A car accident is something no one ever wants to experience. Especially in the case of motor vehicle accidents involved a big truck or semi, the amount of force and injuries involved can be catastrophic. With truck drivers making up 3.5 million of the U.S. drivers on the road in 2016, it’s no surprise that fatal truck accidents are also on the rise.
Trucks are used as a pivotal transporting, delivering 68% of all goods in the U.S. and driving about 140 billion miles a year. Truck drivers have to go through extensive training in order to obtain the certifications they need to conduct a semi or big rig. However, several factors still leave truck accidents accounting for 10% of all fatal motor-vehicle accidents each year. It’s important to know that there is a lot a driver who’s sharing the road with a truck can do in order to avoid an accident. We’ve shared eight of the most useful tips in avoiding trucking accidents below.
8 Tips for Sharing The Road With Semi-Trucks
Leave Enough Distance Around Them
An average big-rig weighs anywhere between 12,000 to 80,000 pounds. No matter how well-maintained brakes and truck is, the amount of time it takes to stop in one of these motor vehicles is more than the average car. Leaving enough space will ensure they, and you, have enough time to react.
Never Pass a Truck on the Right-Hand Side
Other than behind illegal in most places, doing this puts you at grave risk for an accident. Trucks typically have larger blind spots on the right side that can easily blur the vision of an average-sized car.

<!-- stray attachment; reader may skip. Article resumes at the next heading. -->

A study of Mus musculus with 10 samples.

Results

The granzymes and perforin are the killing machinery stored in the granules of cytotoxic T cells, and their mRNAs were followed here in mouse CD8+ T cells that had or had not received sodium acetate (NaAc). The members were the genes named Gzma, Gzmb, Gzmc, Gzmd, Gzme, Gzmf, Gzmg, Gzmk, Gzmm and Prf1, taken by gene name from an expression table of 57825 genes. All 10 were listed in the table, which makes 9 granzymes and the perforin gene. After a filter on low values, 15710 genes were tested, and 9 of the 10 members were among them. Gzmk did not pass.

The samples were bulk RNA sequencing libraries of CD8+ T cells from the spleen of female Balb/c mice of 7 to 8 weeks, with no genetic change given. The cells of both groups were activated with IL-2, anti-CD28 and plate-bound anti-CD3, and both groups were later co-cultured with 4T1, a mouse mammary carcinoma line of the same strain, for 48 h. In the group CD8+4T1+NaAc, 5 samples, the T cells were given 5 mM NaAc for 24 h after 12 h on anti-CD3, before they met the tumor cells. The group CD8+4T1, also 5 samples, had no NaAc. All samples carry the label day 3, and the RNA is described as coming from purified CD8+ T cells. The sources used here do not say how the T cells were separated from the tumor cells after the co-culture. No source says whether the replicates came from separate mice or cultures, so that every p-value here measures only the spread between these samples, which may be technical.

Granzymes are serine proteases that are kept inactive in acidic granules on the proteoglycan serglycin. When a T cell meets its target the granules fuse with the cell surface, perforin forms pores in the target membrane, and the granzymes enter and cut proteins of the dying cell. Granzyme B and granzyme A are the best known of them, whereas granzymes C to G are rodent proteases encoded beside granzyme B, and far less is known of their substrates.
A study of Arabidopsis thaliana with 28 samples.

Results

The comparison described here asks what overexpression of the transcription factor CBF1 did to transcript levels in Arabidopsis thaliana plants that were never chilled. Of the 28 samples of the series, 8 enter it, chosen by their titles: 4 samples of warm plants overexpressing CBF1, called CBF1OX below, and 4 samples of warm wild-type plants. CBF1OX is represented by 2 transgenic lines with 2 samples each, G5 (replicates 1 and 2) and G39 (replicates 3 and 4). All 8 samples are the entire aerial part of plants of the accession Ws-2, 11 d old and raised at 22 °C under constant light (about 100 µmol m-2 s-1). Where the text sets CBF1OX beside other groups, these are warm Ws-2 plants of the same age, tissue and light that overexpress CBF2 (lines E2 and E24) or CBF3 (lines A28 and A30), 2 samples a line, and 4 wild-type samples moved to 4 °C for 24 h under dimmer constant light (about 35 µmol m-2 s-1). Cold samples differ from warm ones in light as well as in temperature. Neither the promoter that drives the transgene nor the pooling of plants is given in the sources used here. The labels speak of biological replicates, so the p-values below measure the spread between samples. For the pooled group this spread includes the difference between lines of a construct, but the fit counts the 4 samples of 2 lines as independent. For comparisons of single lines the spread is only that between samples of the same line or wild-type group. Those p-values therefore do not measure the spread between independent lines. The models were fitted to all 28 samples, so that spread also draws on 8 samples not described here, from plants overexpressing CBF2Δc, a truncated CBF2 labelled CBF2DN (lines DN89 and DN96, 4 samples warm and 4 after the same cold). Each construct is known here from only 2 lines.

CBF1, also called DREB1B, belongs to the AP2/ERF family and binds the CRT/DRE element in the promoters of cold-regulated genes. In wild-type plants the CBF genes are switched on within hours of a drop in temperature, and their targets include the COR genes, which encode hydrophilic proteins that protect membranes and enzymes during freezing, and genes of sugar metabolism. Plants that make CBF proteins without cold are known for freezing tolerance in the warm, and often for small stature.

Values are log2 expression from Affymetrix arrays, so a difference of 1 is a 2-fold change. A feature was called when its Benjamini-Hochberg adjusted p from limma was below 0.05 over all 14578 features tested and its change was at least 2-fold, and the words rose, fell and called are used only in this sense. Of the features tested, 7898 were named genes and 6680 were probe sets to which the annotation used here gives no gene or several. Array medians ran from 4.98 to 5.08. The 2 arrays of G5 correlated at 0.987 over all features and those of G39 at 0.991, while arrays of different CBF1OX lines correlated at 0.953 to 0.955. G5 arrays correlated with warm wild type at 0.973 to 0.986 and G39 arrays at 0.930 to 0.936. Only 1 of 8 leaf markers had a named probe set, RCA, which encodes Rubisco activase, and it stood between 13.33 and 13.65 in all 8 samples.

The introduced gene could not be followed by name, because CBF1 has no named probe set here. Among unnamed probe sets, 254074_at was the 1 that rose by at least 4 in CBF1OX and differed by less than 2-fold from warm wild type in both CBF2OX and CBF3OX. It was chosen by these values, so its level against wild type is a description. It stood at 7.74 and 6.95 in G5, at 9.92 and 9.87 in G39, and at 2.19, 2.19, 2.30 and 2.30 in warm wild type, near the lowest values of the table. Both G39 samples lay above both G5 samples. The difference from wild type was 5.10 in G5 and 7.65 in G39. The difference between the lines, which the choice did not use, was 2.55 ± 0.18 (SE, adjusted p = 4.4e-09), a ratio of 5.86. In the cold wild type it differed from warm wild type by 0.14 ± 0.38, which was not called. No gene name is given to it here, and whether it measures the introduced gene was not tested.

Never Stop Abruptly in Front of Them
Building off of point 2, it’s never a good idea to make an abrupt halt in front of a few-thousand-pound vehicle. Sometimes you don’t always have the choice, and that’s ok. But if you can avoid it by leaving enough distance from the car in front and behind you, as well as not cutting them off, you’ll ensure a safer experience.
Avoid Parking Directly Behind Trucks
More for you than the truck, you want to avoid putting a truck in a tight space. If worse comes to worst, your vehicle will most likely obtain more damage than the truck so it is wise to give a few feet of distance just in case.
Don’t Assume They Can See You
Trucks have bigger blind spots than average vehicles. This one may have seemed obvious but it’s easy to forget when on the road that the big truck in the way may not see you in that moment at all. If you have a doubt about whether or not you’re in their vision, it’s more than likely you’re not. Don’t make quick maneuvers thinking you’ll get in front or swerve behind them in time. Many have made this mistake and have ended up in catastrophic accidents.
Stay OFF Your Phone
Texting or being on your phone while driving is never a good idea. Even when it’s become a habit to keep it in hand, taking your eyes of the road can be the difference between life and death. That’s not to over-dramatize, either. In 2015, 10% of all road fatalities were attributed to a driver distracted by their phone.
Let them In
A lot of people cringe at the idea of letting a big rig get in the front of them on the highway. Known for traveling notoriously slow at times, it can be a daunting idea to let them in and snail behind them. But to avoid doing can be dangerous. Trying to speed up to get passed them has been the cause of severe accidents. Avoid the unnecessary harm and let them in.
Avoid Driving in Between Trucks
No, it’s not because of that torturous scene from Final Destination. Due to their size, trucks take up most of their designated driving lane. Driving between one can narrow your space. While you’re supposed to drive within your own lane at all times, placing yourself in between two large semi-trucks can leave your vehicle vulnerable and boxed in, with little opportunity to react.
If in an accident…
If you’ve gotten into an accident with a semi, or trailer-truck, it’s important to first seek help and then the advice of an attorney who specializes in trucking accidents. Lost wages, medical bills, and trauma are all things you are entitled to seek compensation for.
For more information on how you can be a defensive driver against motor-vehicle accidents, visit the National Safety Council’s Defensive Driving Safety Taining.